After more than four years spent building an edge-device management platform, IBM recently open sourced it, contributing it to an effort within the Linux Foundation to create an open framework for edge computing. An executive in charge of the company's edge computing unit said that while some major enterprise tech vendors have gotten on board, he wished the world's two biggest public cloud providers, Amazon and Microsoft, would do the same.
"We've got good support from the other vendors," Rob High, an IBM VP and CTO of IBM Edge Computing, said in an interview with DCK. "I will admit that I would be much happier if Microsoft were on board. I think that that would be a great move on their part. I'd be even happier if Amazon would stop being so proprietary and move into an open source space. But those are both aspirations, and hopefully we'll get there with them someday too. But in the meantime, we've got Dell, HP has been talking to us, Cisco, and Intel.
"We just joined Intel's Open Retail Initiative, and we're hoping to now influence that entire ecosystem of vendors who have now embedded Intel chips into the retail equipment," he added. "We're talking about digital signage, ordering kiosks, point of sale terminals, self-service checkout terminals, et cettera."
Called Open Horizon, the technology is the backbone of IBM's proprietary Edge Application Manager, but according to High, it was designed as an open source project from the beginning.
"We deliberately started by creating an open source project," he said. "Truly open. There are no IBM namespaces in there; there's nothing in the logic that ties that open source back to our IBM cloud or anything like that. We've enlisted third parties to start participating with us in contributing to it."
IBM contributed Open Horizon to Linux Foundation's LF Edge, an umbrella organization for a series of projects all focused on building the open edge computing framework, in May. LF Edge was created in 2019 with five projects, anchored by the EdgeX Foundry platform for IoT. The number of projects has since grown to eight, Open Horizon being the eighth addition.
Like EdgeX Foundry, Open Horizon is designed to be useful in the IoT realm, enabling management of up to 10,000 edge nodes, but it's also used to manage machine learning workloads from a single location. That's getting increasingly important, as more and more familiar everyday devices come with compute onboard. They are the "edge" Open Horizon addresses.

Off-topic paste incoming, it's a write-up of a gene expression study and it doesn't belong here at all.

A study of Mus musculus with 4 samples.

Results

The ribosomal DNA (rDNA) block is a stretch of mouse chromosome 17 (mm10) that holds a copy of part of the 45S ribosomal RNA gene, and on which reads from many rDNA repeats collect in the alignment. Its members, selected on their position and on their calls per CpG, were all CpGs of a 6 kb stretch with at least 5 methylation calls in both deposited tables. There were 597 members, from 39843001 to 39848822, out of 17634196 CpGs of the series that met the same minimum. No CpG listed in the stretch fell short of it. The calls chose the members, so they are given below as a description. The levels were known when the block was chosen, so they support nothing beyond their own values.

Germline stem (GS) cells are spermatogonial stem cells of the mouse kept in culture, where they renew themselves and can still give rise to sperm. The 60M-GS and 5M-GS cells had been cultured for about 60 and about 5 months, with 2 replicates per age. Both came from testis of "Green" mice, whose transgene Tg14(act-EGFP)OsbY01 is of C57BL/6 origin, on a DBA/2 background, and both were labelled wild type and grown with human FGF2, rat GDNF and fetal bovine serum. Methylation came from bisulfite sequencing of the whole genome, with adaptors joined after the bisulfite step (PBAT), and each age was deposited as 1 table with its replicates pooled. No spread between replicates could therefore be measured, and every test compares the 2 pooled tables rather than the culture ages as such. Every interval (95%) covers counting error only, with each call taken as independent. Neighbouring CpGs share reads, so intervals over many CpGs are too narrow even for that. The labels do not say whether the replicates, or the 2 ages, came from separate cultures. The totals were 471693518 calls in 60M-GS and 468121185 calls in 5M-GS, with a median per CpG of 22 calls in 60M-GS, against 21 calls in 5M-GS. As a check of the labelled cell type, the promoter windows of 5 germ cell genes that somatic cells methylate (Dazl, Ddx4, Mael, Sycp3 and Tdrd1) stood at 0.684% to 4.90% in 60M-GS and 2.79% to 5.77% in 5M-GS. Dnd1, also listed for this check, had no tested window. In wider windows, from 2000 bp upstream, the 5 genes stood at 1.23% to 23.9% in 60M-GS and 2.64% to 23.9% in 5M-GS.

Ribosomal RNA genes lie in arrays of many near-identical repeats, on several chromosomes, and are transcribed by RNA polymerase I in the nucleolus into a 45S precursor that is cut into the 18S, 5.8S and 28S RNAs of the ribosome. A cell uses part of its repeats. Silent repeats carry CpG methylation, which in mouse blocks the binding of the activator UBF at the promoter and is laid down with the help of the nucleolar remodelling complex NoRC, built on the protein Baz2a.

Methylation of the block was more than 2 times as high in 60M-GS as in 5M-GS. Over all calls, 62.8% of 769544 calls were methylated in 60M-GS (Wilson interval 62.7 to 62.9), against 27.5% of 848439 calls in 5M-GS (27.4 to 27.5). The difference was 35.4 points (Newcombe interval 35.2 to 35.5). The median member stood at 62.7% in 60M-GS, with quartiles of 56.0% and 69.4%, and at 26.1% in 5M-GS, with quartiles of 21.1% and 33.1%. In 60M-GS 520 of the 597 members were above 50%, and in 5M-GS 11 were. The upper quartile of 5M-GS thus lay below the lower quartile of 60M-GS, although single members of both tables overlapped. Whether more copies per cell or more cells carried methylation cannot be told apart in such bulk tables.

"All the automobile manufacturers right now are going through the process of essentially re-architecting their automobiles to aggregate their compute power into a open system structure that allows for a lot more flexibility and to bring in more software onto the vehicle," High said. "Or if not automobiles, you can think about intelligent cameras, industrial robots, assembly machines on the factory floor, conveyor belts, point of sale terminals, ticketing kiosks, ATMs, all these are examples. By infusing compute into those product, it unlocks a whole lot of value. It opens up a whole new array of economic choices around how you make the utility of those device upgradable, expandable, more flexible."
According to him, leaving smartphones out of the mix, IBM estimates that there are currently about 15 billion edge devices already in use, which it reckons will grow to 55 billion by 2022 and to 250 billion by 2025.
As every piece of equipment in a company becomes a computer, the complexity of IT's domain greatly increases. In addition to sheer numbers and the fact that compute is no longer confined to data centers and employee workstations, it means more processor types, operating systems, vendor-supplied software, DevOps requirements, and the like. As factory robots and public facing kiosks become connected to the network, it also means new security concerns.
One of the things Open Horizon does is reconcile all the different policies the various parties set, be they device vendors, software developers, or admins.
"Open Horizon has two elements to it," High explained. "It has what we call a management hub, which is a centrally located place where you can publish new container workloads, where you can configure policies, and where you can monitor and manage the deployment of those workloads out to edge devices. The second part is a thing we call the agent. The agent is actually installed on individual devices and clusters. The agent is responsible for being a party in the negotiation over the decision to place workloads onto that node."
Typically, he pointed out, the equipment manufacturer supplies the node policy defining the properties, conditions, and constraints associated with that node; software developers supply service policies that describe the software and its properties, and the administrator sets deployment policies, which generally add further conditions to the developer-supplied service policies.
With Open Horizon, these policies can all be set separately, and the platform will then manage the devices, including updates from any sector, with little to no input required from IT teams.
Its community-based open source development means that as the project gains traction, it will better fit user needs, since open source makes users part of the development process, High said.